Ridesharing firm Lyft announced this week that as it works to solve the challenge of autonomous vehicles, it is releasing a subset of its autonomous driving data, the Level 5 Dataset, which it says is the largest publicly released dataset of its kind.
By making its research data on autonomous driving available to others, Lyft hopes to ‘help level the playing field’ for all researchers interested in autonomous technology, said the company.
Lyft Level 5 has been working on autonomous technology for a number of years, but believes the challenge is “too big – and too important” for any one team to solve alone.
“This dataset allows a broad cross-section of researchers to contribute meaningfully to downstream research in self-driving technology, and this is only the first step,” said Luc Vincent, the company’s EVP of Autonomous Technology, in a blog post.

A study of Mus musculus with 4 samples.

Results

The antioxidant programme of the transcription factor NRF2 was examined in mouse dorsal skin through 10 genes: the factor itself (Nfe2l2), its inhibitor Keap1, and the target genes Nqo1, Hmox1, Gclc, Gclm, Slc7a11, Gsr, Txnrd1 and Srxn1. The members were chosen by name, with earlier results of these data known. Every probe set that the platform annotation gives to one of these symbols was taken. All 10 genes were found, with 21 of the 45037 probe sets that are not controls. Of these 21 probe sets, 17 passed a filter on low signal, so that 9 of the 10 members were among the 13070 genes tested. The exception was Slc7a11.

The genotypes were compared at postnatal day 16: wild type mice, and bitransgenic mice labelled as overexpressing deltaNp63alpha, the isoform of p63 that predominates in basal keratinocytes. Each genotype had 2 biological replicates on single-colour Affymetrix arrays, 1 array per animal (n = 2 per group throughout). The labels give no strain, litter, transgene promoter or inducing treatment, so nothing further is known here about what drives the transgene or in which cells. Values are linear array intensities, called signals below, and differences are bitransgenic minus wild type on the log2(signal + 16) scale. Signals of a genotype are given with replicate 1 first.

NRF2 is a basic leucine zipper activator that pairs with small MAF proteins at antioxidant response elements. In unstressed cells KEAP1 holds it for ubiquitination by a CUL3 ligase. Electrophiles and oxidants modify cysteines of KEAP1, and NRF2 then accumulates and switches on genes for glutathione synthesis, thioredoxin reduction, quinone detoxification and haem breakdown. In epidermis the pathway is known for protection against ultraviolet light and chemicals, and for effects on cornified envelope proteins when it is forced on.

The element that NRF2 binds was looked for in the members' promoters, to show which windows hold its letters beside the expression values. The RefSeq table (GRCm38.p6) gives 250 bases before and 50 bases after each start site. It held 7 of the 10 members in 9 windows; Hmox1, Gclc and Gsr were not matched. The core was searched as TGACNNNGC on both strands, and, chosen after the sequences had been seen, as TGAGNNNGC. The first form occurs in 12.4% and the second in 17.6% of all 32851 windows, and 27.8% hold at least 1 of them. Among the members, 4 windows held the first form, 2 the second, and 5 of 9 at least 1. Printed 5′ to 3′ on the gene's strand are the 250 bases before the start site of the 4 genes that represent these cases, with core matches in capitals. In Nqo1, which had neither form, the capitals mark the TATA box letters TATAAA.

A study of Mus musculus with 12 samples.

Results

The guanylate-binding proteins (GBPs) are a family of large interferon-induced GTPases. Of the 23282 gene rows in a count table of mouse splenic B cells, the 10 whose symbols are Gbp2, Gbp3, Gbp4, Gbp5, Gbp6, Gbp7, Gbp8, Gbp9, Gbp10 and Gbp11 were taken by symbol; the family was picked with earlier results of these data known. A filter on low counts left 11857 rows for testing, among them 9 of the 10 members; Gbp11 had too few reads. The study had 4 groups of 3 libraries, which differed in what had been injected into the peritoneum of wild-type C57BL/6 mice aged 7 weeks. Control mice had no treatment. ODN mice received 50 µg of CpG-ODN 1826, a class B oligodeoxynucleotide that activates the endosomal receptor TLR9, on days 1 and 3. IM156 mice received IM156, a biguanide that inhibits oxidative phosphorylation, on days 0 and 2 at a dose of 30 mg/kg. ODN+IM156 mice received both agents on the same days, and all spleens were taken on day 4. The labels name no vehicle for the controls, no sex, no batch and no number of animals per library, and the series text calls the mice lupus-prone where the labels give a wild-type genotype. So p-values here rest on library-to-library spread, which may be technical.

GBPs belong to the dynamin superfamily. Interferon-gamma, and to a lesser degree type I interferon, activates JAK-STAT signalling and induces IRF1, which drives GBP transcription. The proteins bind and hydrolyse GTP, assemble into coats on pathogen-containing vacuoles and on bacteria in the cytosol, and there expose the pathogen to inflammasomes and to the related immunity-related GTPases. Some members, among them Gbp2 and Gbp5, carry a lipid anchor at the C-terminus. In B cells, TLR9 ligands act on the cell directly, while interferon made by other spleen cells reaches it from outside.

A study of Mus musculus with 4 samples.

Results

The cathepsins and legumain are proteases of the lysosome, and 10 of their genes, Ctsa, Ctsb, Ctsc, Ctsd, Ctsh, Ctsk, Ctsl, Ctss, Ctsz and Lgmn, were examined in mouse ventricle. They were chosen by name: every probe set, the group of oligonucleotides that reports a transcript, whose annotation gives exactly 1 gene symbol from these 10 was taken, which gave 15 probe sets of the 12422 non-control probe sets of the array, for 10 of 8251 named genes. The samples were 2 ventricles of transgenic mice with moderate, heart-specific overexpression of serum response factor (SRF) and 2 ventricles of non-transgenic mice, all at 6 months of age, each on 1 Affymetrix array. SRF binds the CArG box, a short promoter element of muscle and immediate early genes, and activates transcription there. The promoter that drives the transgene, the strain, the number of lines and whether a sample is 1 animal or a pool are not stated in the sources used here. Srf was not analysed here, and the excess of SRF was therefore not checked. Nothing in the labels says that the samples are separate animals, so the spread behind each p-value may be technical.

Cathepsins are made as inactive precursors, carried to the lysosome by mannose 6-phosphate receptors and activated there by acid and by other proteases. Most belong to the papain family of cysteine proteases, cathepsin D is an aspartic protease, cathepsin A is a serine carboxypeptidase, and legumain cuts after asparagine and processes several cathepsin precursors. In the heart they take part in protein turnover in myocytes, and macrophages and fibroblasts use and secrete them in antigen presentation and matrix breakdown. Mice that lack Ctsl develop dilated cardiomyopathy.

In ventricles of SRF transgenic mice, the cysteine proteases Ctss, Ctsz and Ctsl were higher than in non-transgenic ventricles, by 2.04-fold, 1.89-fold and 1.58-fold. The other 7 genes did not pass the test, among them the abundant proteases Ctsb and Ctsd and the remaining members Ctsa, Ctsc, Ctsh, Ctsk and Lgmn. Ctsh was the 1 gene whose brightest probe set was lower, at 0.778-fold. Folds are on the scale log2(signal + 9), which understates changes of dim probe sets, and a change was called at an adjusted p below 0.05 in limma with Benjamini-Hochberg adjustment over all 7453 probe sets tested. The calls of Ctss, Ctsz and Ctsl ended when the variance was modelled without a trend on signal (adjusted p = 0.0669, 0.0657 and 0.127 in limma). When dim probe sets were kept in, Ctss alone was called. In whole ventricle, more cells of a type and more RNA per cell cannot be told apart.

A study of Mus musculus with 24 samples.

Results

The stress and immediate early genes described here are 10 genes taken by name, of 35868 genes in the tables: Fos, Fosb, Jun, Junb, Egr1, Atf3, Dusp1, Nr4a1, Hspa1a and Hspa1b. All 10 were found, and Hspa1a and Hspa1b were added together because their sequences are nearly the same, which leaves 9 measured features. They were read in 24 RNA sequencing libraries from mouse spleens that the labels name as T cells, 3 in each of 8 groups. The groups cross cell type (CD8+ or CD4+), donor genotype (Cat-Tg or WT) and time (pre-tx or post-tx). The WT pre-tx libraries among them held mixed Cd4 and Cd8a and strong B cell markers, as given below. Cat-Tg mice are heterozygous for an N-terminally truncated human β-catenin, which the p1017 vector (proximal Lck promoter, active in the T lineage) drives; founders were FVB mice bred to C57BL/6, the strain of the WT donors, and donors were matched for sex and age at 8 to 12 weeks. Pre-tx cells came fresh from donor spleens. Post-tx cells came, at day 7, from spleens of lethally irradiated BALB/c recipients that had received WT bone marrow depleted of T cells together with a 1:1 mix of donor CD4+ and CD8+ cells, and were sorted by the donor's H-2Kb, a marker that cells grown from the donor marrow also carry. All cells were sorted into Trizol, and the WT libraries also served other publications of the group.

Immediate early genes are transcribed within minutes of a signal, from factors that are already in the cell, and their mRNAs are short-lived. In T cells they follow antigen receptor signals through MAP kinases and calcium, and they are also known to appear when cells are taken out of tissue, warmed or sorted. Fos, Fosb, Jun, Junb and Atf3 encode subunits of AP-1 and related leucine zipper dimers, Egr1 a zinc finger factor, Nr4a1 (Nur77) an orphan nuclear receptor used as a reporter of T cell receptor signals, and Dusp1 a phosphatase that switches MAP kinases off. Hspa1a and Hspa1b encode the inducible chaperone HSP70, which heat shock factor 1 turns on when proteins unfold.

“We are committed to democratizing access to this tech, and we will release additional data as we continue on our journey.”
Lyft is also launching a competition to incentivise research into self-driving vehicles. The competition, for individuals to train algorithms on the dataset, will offer $25,000 in prizes and the opportunity to interview with the company. The dataset includes:
More than 55,000 human-labelled 3D annotated frames;
Data from seven cameras and up to three lidars;
A driveable surface map; and
An underlying HD spatial semantic map.
As Lyft invited researchers to join its efforts to develop self-driving cars that offer a viable alternative to car ownership, the company’s founder and CEO, Logan Green, reiterated Lyft’s commitment to this vision.
“Not only can self-driving tech save two lives every single minute, it is essential to combat climate change by allowing people to ditch their cars for shared electric transportation,” said Green. “Lyft is committed to leading this transportation revolution.”